Mm…Food?, MF DOOM, Rhymesayers, 2004
A villain’s gotta eat.
Daniel Dumile is the mastermind behind one of the most intricate characters to ever let loose on the rap world: MF DOOM. MF DOOM, inspired by the mask clad Marvel villain Doctor Doom, started his villainous rampage in 1999 with the release of Operation: Doomsday.
It’s an early example of what would eventually become DOOM’s signature style: a monotone, lyrically complex flow thick with metaphors and double meanings, and sound collages built around vintage superhero television shows.
In 2004 we meet DOOM, the dastardly villain, as he eats up sweet rhymes on Mm … Food?
On “Beef Rap,” the first track, DOOM raps, “beef rap, could lead to getting teeth capped/Or even a wreath for ma dukes on some grief crap/I suggest you change your diet/It can lead to high blood pressure if you fry it/Or even a stroke, heart attack, heart disease/It ain’t no starting back once arteries start to squeeze.”
Like all the tracks on this album, the title of the song alludes to food. On an immediate level, DOOM is rapping about the negative health effects eating beef wreaks on the human body.
DOOM isn’t that easy to crack, however, and his verses usually occupy two meanings at once: he’s also calling about phony rappers who spend most of their free time taking low-blow potshots against each other and end up “getting teeth capped.”
As for production, apart from the Madlib produced “One Beer” and the PNS produced “Kon Queso,” DOOM is the sole creative force. The result is like a meal that stretches on a few courses too long. When it’s good, it’s delicious, but the album eventually becomes so overstuffed with sound collage skits that it’s hard to continue.
Don’t that slightly sour flavour put you off, though. For most of the meal, Mm…Food? is scrumptious.
Blue Chips 2, Action Bronson & Party Supplies, Vice Records, 2013
Before Action Bronson started to rap, he was cook for the New York Mets. He’s got olive oil coursing through his veins.
Bronson is addicted to food; in fact, he can’t go a song without bragging about his culinary skills.
“Bare handed snatch up a octopus I’m a winner/ Grill it, hit it with olive oil and lemon/Then kiss my fingers, efharisto that was delicious,” he brags on “It Concerns Me.” I can only think of two people who would brag about snatching an octopus from a tank and grilling it alive: Action Bronson, and Gordon Ramsey.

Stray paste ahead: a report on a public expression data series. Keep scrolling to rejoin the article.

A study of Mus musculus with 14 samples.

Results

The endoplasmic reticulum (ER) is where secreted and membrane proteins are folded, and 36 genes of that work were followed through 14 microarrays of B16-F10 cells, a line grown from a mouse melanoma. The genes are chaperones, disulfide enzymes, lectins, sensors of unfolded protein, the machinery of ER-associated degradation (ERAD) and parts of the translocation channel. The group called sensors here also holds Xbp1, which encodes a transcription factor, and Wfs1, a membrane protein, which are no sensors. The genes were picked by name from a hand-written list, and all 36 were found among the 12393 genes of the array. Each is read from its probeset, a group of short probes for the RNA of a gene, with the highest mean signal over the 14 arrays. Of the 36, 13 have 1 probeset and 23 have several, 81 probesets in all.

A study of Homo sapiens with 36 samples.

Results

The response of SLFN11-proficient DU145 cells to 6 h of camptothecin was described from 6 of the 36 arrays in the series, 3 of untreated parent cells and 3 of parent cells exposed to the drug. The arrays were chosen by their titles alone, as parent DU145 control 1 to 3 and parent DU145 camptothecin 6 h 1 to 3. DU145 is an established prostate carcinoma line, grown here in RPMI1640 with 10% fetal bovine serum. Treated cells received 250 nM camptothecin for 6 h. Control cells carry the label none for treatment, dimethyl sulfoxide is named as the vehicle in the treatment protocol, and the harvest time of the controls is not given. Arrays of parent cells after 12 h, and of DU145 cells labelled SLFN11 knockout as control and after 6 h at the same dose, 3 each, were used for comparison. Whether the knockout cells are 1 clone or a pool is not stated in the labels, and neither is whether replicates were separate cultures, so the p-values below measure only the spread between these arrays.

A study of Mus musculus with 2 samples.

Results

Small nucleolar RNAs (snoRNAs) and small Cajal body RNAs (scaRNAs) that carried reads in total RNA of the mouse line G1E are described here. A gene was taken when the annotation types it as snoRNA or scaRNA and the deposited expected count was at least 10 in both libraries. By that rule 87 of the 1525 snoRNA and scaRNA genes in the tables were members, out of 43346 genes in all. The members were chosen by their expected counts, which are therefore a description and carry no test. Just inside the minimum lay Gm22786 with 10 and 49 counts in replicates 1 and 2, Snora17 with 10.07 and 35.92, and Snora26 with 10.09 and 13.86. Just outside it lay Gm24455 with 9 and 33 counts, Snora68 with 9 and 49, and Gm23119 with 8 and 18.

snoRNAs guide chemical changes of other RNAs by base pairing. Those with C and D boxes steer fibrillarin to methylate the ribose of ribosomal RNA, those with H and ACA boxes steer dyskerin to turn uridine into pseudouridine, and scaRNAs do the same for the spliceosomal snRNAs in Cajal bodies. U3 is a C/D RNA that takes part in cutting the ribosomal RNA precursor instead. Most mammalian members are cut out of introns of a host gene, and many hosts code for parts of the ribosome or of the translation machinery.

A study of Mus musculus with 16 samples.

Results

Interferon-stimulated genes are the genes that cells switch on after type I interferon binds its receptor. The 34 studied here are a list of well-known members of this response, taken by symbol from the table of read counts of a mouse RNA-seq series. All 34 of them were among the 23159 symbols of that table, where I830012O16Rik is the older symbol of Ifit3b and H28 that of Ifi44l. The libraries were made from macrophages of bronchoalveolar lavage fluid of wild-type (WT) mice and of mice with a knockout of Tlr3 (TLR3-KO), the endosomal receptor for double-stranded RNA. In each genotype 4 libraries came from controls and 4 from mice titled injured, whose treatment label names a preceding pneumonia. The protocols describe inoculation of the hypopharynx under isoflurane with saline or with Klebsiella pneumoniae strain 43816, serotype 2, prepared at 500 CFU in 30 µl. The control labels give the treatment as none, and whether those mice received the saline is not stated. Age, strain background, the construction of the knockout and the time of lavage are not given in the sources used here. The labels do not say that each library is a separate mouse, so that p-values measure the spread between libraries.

Blue Chips 2 is Action Bronson’s second collaboration with producers Party Supplies. Blue Chips, released in 2012, treads a lot of the same territory. Bronson’s still bragging, still cooking, still eating. Blue Chips 2 beefs up the food imagery and the boasts some truly impressive production.
Bronson treads a strange line between violent bravado and goofball quirk. Hearing him rap about food never gets old. He’s “eating chicken parmesan in the holding cell,” while he waits for his lawyer to bail him out on “Practice.” What a life.
The one problem with Bronson is his stiff, unchanging flow. The lyricism is impressive, sure, but Bronson rarely departs from it; there’s none of the spice you’d expect from a man so obsessed with food.
Bronson may not pack the punch himself, but Party Supplies’ production really makes the mixtape enjoyable. The production on this mixtape is nothing short of amazing. The samples are astoundingly eclectic: the third track samples “Tequila” by the Champs in a frenzied, manic beat. while the eighth samples Tracy Chapman’s “Give me One Reason.”
Somehow, Party Supplies manage to craft beats tailored to Action’s stiff flow. And it works. Each track is fun, unpretentious, and extremely cohesive. Blue Chips 2 isn’t a mere guilty pleasure. It’s a great album.